What’s Happening in Schools

I’m 37. It’s 21 years since I left school and started my first job. I suppose my memory of what school, especially secondary school, was like is somewhat eroded and I have the advantage of being able to look back with with somewhat rose-tinted glasses. I’ve not really had too much cause to look back though, until now.

Now I have two teenage girls in secondary school I find myself comparing what they are experiencing to what I believe my experiences were. They’re different. My eldest is in year 9. In the UK this is when the pressure is cranked up on our children. She’ll be making her GCSE option choices soon and is being asked to consider what she is going to do after those exams in a little over 2 years time. She is 14. Fourteen years old.

I make no apology for not endorsing the fact our education system, backed by a government hell-bent on pilling on the pressure, asks children to make such huge decisions so early in their lives. Why? It’s utterly ridiculous in my mind. Our advice to her is to pick subjects she enjoys. There is little point in picking a subject she doesn’t enjoy simply because she thinks it will be an advantage to the career she thinks she might want to possibly enter into at some stage in her life. We want her to be able to enjoy her studies as far as possible in her two year GCSE journey, because she is far more likely to succeed if she’s enjoying it.

Yesterday my eldest girl posted this…


The UK government’s strategy with education is going break our children. Some will cope, some won’t. Some are academic, some aren’t. Some are great at exams, some aren’t. Our education system fails, on every single level, to recognise this. Sadly, this is also happening in primary education. Things that were taught in year 2 now must be taught in year 1 – with no extra time or resource. SATs in year 6, the pressure that we put 10/11 year olds under for tests that MEAN ABSOLUTELY NOTHING TO THEM.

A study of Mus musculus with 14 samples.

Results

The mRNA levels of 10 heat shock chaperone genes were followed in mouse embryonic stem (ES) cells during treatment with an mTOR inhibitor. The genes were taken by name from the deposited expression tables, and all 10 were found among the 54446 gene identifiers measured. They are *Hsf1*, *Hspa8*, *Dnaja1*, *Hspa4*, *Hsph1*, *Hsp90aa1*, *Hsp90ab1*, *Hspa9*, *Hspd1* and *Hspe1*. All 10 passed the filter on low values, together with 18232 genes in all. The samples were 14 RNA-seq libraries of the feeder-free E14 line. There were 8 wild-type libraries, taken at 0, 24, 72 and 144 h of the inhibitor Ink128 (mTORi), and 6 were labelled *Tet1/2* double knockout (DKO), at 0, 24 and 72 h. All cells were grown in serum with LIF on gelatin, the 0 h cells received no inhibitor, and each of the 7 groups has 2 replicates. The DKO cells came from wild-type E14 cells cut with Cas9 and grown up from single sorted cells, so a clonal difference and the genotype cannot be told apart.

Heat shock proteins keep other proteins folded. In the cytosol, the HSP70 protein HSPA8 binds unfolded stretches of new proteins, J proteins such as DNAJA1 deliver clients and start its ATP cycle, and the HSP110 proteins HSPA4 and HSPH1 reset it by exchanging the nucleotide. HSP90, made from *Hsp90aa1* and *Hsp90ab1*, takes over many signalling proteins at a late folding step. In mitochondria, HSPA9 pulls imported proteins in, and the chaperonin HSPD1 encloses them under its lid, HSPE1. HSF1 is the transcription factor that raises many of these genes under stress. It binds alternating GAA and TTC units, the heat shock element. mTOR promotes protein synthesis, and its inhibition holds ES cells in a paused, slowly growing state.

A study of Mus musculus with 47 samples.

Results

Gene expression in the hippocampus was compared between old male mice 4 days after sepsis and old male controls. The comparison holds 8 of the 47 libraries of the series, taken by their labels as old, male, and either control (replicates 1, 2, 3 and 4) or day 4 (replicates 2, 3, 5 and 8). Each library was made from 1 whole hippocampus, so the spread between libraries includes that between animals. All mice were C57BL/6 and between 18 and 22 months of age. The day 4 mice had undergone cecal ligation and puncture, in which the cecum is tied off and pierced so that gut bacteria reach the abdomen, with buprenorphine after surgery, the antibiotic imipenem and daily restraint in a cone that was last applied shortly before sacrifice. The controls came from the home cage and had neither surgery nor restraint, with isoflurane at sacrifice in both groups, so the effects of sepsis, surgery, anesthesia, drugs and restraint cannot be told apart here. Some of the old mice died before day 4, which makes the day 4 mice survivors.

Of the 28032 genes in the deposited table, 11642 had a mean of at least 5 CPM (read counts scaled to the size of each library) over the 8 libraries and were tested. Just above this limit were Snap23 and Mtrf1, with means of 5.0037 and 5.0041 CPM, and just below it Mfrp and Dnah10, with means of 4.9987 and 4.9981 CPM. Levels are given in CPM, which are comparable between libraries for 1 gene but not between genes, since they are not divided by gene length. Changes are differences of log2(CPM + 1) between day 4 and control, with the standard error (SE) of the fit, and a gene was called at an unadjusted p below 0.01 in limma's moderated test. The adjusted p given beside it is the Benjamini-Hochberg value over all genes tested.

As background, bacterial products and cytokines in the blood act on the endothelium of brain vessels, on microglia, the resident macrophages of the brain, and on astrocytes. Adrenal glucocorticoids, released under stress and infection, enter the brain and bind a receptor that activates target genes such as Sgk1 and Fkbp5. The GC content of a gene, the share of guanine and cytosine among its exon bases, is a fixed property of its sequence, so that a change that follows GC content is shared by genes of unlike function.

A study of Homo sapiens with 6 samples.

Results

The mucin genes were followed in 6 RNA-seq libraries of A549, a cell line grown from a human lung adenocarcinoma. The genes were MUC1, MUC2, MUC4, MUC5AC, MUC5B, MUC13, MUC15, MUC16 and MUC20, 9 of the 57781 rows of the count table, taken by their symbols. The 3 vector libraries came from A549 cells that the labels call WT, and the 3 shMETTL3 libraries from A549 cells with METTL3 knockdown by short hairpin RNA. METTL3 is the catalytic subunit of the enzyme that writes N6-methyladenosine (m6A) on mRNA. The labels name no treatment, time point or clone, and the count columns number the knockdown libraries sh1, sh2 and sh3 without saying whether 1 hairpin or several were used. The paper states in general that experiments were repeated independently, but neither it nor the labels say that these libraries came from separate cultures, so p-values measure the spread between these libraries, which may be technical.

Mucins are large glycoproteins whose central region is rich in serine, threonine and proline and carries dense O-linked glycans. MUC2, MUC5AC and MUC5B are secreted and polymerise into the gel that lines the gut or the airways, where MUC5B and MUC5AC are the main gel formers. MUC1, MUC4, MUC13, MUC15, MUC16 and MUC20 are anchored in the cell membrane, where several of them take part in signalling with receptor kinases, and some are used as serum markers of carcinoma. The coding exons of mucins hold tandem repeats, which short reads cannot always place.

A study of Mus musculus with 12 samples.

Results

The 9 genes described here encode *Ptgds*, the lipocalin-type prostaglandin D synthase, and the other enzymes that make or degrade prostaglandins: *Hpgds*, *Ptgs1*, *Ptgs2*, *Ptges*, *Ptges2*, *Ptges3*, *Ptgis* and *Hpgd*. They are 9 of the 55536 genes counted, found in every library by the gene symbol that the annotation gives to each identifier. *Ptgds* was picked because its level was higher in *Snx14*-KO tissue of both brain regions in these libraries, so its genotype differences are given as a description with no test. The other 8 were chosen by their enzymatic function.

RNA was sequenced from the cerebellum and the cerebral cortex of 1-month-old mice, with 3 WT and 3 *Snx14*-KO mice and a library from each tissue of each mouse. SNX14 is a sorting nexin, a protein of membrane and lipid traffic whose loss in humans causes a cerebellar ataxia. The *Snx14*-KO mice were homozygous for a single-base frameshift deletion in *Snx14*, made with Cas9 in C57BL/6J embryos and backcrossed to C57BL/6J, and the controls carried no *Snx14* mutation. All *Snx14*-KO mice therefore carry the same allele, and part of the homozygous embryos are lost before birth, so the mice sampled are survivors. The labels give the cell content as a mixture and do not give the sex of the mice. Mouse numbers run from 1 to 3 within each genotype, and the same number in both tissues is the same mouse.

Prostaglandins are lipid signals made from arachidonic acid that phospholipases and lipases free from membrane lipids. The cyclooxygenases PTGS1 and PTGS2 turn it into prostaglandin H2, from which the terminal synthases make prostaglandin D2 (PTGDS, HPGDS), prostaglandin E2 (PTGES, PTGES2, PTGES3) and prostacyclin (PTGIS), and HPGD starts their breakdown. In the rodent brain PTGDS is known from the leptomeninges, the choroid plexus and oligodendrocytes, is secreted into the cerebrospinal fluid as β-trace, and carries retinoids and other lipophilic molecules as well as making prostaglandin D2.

But, he’s the absolute shocker…..our 13 year old daughter is in year 8 and the system in changing. She will ALSO be making her GCSE options choices soon. Because the powers that be have changed the GCSE course to be 3 years rather than 2. Wow! Some year 8 children will still be 12 when they make these choices. I repeat – we are breaking our children.

The government may argue that the UK is behind in education and results. So how come some other European countries don’t even start compulsory school until higher ages? In the UK (excluding Northern Ireland where it is 4!) that age is 5 – and we start testing them at 5/6 (year 2 SATs). Testing 5 year olds! Yes really! Only Malta and the Netherlands match us in starting school at 5.

The average age across Europe is 6 years old for starting compulsory education. Better. Some countries are even 7 years old such as Sweden, Finland and Denmark. Interestingly in the 2015 PISA results Finland (5th) out performed the UK (15th) in science. In reading and maths the UK lags behind all three of those countries. So where is this logic of starting them younger and throwing more at them actually coming from?

In a different life maybe homeschooling would have been better. We could have found our own path. But school is for so much more than academic achievement. It develops life-long friendships, social skills, conflict resolution skills and offers resources home schooling cannot provide. But that doesn’t mean schooling can’t be different somehow – all we need are leaders that are prepared to think differently and out-of-the-box.

Do I have faith that anything will change before our younger two daughters reach secondary school? Not at all. In fact, if it does change it will be at the detriment of our children.